Letter From New York October 17, 2010

Or, as it seems to me…

Proceeding south on the train into the city, the Hudson River is framed by the fall foliage, slowly moving to a moment of colorful glory. The weather has changed; now constantly cool. Sweaters have come out of the closet and jackets are required. The northern hemisphere is moving languidly into winter.

Surrounded by this inspiring beauty, it is easy to think of the world as tranquil and peaceful. This makes for good reflecting time.

Last Thursday, the world focused on the rescue of the miners in Chile, pulled out through a narrow hole drilled through nearly half a mile of solid rock in a capsule that was designed with the help of NASA. I found myself going out to the television set in the common area every while or so to watch the progression of the rescue. It was difficult not to feel a rush of emotion, joy at their return to the surface from their particular version of Hades.

Their survival is an impressive and inspiring tale; people, companies, organizations, governments worked together to make this a reality while the world watched on television. All’s well that ends well, said the bard but between the beginning and the ending there were harrowing times for these men, trapped for over two weeks before being discovered – a swath of red paint they sprayed on the piercing drill the first indication that life remained below. Attached to the end of the drill bit were bits of notes to loved ones.

They had lived below in darkness and in fear, surviving on starvation rations of what little they had when originally trapped, terrified that they might descend to cannibalism. Out of this miasma of terror and fear, they organized themselves and became an example to the world of comradeship and fraternity. After contact, they asked for a statue of the Virgin Mary and other religious articles to organize a shrine in one part of their cave home. One man became the captain, another the spiritual leader, another became the medic, nicknamed Dr. House after the television character, popular in Chile as well as the United States.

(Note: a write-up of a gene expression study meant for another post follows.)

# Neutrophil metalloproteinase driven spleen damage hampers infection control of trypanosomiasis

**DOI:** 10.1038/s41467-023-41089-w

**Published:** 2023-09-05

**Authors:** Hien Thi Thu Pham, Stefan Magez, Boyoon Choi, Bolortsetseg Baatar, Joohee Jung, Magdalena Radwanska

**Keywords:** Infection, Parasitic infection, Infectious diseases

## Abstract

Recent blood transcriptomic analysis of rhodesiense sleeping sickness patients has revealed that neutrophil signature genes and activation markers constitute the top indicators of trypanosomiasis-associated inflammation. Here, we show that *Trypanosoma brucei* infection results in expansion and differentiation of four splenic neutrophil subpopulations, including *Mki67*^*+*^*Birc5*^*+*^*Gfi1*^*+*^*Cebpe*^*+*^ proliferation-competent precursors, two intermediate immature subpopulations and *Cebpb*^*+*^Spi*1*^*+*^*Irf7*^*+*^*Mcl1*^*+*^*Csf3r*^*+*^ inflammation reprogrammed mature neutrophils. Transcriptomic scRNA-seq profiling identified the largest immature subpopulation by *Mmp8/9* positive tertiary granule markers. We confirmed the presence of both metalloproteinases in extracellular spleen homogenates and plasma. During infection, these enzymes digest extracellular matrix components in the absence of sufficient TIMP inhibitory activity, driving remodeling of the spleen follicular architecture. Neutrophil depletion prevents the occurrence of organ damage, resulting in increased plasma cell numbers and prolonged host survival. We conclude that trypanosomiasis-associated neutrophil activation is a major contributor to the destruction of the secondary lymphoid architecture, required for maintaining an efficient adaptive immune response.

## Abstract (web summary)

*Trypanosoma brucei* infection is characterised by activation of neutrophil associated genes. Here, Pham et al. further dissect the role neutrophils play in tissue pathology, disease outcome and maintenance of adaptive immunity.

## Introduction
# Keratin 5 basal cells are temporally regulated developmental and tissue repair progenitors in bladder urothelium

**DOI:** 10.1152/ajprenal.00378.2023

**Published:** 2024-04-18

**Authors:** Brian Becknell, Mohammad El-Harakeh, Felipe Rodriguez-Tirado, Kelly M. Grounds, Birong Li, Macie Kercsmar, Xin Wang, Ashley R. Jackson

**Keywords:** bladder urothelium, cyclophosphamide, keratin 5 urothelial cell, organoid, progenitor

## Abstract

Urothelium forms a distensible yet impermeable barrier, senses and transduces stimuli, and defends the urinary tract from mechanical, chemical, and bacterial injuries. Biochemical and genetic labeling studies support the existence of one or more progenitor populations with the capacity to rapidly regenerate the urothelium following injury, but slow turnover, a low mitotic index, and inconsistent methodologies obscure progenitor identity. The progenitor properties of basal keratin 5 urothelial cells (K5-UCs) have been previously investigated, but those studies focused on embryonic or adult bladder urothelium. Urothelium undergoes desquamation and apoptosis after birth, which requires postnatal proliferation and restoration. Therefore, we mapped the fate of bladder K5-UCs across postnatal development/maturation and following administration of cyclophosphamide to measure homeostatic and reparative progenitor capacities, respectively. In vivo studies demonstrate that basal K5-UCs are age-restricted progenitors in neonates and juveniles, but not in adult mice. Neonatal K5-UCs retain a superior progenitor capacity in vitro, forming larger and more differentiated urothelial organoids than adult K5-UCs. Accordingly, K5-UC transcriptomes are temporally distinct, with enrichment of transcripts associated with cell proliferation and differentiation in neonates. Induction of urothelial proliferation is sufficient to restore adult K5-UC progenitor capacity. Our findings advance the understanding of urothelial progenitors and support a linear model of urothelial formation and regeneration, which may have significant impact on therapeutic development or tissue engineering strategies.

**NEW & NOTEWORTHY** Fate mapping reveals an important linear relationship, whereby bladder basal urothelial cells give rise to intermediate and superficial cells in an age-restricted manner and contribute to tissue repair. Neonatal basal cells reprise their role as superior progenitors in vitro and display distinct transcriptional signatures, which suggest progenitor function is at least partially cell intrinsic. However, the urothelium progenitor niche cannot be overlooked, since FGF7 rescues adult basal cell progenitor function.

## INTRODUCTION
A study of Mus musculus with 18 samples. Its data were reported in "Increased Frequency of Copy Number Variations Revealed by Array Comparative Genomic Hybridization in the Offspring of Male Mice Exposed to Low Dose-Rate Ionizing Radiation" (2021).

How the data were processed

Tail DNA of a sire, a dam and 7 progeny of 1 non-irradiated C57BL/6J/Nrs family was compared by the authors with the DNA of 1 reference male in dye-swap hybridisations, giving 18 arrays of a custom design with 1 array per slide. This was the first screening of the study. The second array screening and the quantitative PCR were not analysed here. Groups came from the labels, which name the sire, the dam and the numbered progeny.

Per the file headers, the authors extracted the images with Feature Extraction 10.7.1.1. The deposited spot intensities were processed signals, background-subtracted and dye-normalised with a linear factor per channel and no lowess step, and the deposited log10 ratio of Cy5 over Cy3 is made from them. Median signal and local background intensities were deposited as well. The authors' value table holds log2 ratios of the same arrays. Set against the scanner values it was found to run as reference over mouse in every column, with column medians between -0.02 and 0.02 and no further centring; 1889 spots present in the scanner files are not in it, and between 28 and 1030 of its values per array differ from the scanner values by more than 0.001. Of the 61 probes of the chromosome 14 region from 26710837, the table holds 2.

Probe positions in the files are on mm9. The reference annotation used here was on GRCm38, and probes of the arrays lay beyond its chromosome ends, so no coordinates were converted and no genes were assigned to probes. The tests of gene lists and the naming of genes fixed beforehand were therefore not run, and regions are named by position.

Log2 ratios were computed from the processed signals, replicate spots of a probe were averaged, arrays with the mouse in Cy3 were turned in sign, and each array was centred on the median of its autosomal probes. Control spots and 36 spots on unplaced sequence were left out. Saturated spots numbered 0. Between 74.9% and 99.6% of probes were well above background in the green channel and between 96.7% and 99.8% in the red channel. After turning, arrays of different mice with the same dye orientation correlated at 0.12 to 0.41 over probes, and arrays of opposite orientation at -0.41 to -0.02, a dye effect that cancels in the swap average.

Their entire adventure became very real to a global swath of people. A camera was lowered into their cavern and we saw glimpses of their world, met men in real time living a real drama. We saw them sweat, we saw them live and witnessed their conversations with their loved ones. We were not just on the surface watching passively, we were in the cave with them, getting to know them before we knew whether they would live or not. Rescue was not guaranteed.

Their story became a local story almost everywhere. Video provides a path to intimacy and with intimacy comes investment, caring and engagement. That’s what I felt when I watched the rescue, engaged in the lives of men faraway but close because I could see and hear and thus become part of their world.

Their story has been inspiring, their rescue a feat of technology and ingenuity. The whole tale reflects man at his best. Yet to be dealt with are the causes of the tale, the dangers in the mine that resulted in the cave-in. We will watch these men, now national celebrities in their homeland and will wonder about them as they move forward, back into life. One will have to deal with his wife and mistress both meeting each other in Camp Hope, the tent town that grew to contain the waiting and watching relatives. Another has been offered a contract on a Chilean television network. Senor Sepulveda captured the heart of a nation as he gave video tours of their underground world.

Video is becoming the lingua franca of the modern world. If a picture is worth a thousand words then a story told in video is more than a novel. Twenty years ago the story of the Chilean trapped miners would probably not have been an international sensation. Putting cameras into their dire circumstances changed all that. We got to know them before knowing the outcome. They were the real reality show.